A new representative office of the Intellectual Property Office of Singapore, or IPOS, in the Pearl River Delta will help link more Singaporean IP service providers with the growing number of Chinese innovation companies, especially those in the technology sector, according to industry insiders.

"As more companies from the Delta bring their innovations to the world, IPOS' first representative office in China will help them link with Singaporean IP service providers, to help them protect and manage their innovations in Southeast Asia and beyond," said Ong Ye Kung, Singapore's acting minister for education and senior minister of state for the Ministry of Defense.

IPOS, a statutory board under the Ministry of Law of Singapore, announced in late May plans to establish its first overseas representative office in the Sino-Singapore Guangzhou Knowledge City, Guangdong province.

"The knowledge city is an important flagship project that aims to become an innovation zone and catalyst for the economic transformation of Guangdong, a testing ground for China's process of reform and opening-up since the 1980s," said Ong, who is also the co-chairman of the Singapore-Guangdong Collaboration Council.

The representative office is currently undergoing approval procedures administered by the authorities in both China and Singapore, according to Ng Kok Siong, chief executive officer of the Sino-Singapore Guangzhou Knowledge City Investment and Development Co Ltd.

Ng said that the office will become an important platform for the protection of international intellectual properties.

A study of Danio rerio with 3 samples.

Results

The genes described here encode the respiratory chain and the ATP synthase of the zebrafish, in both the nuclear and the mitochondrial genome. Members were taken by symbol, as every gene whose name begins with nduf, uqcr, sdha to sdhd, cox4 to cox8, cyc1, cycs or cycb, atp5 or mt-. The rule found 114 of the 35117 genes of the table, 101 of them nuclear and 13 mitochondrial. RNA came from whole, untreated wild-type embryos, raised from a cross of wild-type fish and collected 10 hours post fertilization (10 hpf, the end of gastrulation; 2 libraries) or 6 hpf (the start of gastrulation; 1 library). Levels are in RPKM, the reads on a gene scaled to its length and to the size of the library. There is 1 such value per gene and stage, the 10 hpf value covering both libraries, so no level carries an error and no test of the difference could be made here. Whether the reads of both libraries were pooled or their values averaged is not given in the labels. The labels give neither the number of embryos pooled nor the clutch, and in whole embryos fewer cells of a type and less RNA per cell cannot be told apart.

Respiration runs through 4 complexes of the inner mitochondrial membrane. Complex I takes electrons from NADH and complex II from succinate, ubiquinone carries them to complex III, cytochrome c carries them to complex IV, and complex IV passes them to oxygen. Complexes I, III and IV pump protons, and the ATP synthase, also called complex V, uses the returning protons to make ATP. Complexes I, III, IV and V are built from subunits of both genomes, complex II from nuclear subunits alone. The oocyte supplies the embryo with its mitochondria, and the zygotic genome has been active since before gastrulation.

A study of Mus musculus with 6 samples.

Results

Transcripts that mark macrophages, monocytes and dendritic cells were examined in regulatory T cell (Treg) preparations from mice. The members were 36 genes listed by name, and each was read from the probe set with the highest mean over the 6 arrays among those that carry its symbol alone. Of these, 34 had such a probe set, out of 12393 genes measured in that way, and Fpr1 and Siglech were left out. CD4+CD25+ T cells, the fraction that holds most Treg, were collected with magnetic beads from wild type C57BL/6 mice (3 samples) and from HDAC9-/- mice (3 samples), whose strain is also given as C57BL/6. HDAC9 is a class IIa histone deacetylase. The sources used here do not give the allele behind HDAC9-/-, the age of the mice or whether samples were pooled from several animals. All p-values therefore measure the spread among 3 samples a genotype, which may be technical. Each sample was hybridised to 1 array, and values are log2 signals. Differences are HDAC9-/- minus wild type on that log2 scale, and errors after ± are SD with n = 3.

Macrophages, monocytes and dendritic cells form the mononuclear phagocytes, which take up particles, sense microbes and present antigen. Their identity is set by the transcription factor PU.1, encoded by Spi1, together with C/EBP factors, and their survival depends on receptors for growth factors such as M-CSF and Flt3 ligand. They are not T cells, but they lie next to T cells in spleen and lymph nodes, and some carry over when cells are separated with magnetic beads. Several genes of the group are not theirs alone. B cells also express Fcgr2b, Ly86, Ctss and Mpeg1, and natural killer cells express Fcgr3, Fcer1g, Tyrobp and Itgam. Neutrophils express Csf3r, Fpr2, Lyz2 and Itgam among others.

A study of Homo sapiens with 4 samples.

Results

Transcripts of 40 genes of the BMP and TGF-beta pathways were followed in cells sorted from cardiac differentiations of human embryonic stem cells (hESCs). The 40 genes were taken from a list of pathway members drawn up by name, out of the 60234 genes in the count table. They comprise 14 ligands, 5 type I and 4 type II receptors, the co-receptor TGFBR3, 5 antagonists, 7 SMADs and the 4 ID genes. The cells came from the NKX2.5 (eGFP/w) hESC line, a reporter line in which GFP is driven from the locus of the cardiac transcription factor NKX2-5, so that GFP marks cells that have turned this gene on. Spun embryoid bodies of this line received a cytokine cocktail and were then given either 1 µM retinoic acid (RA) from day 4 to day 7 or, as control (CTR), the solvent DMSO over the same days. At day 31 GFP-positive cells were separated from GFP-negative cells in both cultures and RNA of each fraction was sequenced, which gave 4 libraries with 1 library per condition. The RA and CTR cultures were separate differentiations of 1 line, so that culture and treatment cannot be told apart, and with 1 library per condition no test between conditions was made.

"Chinese companies will be able to enter overseas markets, and especially those in Southeast Asia, much more rapidly if their intellectual properties and copyrights are registered in Singapore," said Ng.

He added that China's burgeoning IP-intensive economy, fueled by the country's incentive-driven policies in innovation and technology, will benefit Singaporean intellectual property service providers.

According to a report by the State Intellectual Property Office of China, more than 1.1 million patent applications were recorded in China last year, an 18 percent year-on-year growth rate from a year earlier.

"In addition, the representative office will work to make it easier for foreign companies to enter the Chinese market through a range of service provisions, including the protection of overseas intellectual properties," said Ng.

Lin Guanghai, deputy chief judge of Guangzhou Intellectual Property Court, said the representative office will ensure that bilateral intellectual property cooperation between Singapore and China is deepened.

"It will contribute to the development of a joint IP demonstration zone, increase bilateral exchanges and attract IP service providers to locate in the Sino-Singapore Guangzhou Knowledge City," said Lin.